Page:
HONOLULU (KHON2) — Some Hawaiian Electric customers have noticed an increase in their electric bill, or they’ve noticed they haven’t been using as much electricity but they’re paying the same.

HECO said the rising cost of oil can trigger an increase in your bill.


“Then in 2021, we saw a gradual increase and now we’re seeing the highest rates we’ve seen in about seven years because of the oil prices,” explained Shannon Tangonan, HECO spokesperson.

For Oahu, rates are up to 27% higher than this time last year.

A typical residential bill using 500-kilowatt hour a month went from $140 in January 2021, to $165 in July 2021, and in February 2022 the same amount of usage will cost you about $180.

“You’ll probably be seeing higher bills, oil prices are up, and fuel prices are up,” Tangonan said. “And that does get passed along to the customer.”

She said about half of the rate is fuel costs and purchasing power from independent power producers.

“So, their costs go up as well, if they use oil,” she added. “We don’t profit from any of the fuel that we use that is just an automatic pass-through [to the customer].”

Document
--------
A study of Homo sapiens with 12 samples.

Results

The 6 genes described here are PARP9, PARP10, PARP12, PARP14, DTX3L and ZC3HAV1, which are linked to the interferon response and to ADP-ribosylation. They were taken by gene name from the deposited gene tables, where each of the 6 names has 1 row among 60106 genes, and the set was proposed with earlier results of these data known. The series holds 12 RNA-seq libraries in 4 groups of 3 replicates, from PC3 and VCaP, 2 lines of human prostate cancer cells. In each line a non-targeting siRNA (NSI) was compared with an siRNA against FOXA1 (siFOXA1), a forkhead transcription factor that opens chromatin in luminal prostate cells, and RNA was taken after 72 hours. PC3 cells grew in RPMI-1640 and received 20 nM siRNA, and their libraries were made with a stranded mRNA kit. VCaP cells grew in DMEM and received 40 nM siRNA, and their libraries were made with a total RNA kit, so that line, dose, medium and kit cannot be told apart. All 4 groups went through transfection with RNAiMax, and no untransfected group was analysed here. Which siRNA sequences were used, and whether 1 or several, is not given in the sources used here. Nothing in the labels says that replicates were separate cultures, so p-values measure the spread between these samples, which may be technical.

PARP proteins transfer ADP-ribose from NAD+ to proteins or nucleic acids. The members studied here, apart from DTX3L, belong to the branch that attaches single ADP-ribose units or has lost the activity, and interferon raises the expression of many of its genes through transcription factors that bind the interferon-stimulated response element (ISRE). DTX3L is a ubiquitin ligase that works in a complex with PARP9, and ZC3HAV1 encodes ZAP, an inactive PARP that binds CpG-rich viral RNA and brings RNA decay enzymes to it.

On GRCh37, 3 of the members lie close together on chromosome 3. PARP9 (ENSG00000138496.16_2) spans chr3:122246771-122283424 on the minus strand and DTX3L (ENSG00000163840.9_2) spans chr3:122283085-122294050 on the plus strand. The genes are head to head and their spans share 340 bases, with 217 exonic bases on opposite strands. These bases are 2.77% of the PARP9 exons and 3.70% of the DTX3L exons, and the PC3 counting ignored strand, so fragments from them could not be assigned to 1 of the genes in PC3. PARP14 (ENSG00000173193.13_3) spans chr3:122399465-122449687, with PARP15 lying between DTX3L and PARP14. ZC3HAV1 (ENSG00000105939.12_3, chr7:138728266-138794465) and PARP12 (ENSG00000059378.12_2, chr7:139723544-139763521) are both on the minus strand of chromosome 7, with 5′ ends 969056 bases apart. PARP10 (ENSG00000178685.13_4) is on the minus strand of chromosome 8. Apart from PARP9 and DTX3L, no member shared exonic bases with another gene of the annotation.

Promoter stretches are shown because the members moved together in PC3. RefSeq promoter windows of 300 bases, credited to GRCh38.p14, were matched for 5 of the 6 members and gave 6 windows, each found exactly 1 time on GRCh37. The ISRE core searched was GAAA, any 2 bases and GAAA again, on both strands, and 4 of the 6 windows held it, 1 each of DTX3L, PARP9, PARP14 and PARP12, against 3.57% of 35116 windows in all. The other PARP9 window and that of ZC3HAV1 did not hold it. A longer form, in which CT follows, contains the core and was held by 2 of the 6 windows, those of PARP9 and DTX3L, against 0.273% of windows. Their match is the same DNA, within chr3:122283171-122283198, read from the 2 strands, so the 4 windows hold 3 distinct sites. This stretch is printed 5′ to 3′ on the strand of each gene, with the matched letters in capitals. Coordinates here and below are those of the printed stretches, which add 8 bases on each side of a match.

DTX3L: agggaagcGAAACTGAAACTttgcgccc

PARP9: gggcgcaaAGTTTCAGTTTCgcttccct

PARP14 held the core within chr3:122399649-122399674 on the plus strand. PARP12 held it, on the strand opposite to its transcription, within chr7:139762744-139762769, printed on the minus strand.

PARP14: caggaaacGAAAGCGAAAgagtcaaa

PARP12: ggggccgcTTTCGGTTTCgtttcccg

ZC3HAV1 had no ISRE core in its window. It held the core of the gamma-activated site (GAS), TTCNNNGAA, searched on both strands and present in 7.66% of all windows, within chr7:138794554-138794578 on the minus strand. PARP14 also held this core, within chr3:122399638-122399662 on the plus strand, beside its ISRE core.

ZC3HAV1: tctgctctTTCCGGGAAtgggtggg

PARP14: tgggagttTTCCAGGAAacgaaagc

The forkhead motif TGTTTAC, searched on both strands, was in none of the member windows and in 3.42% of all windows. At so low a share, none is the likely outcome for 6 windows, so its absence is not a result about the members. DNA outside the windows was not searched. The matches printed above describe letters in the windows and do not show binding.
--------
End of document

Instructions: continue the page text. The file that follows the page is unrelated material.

One Wahiawa resident said his bill increased by $175, but nothing has changed at his home. A North Shore resident said he’s unplugged major appliances and stopped using the air conditioner months ago and his bill hasn’t changed.

On January 27, HECO put out a notice that a typical home would see an increase of $7 from the month before.

HECO’s website states: “The cost of fuel used to make electricity can have a significant impact on your bill. You pay no more than the actual cost of fuel purchased. Hawaiian Electric does not make any profit on fuel. That means when the price of fuel goes up, the increase is reflected in your bill. But it also means that when the price of fuel goes down, those charges on your bill also go down.”

HECO said those who have opted into their time of use program should avoid using electricity during peak hours between 5 p.m. and 9 p.m.


“The PUC examined this issue and found that the recent increase in customer bills is due to the upward trend of the increased cost of fuel and purchased power. The Energy Cost Recovery Charge is a mechanism that automatically passes through fuel and purchased power costs to customers and thus, customer bills tied to the price of fuel and purchased power. Although the mechanism is approved by the PUC, there have been no recent rate hikes so the increased bill costs can be attributed to the increased fuel and purchased power costs.”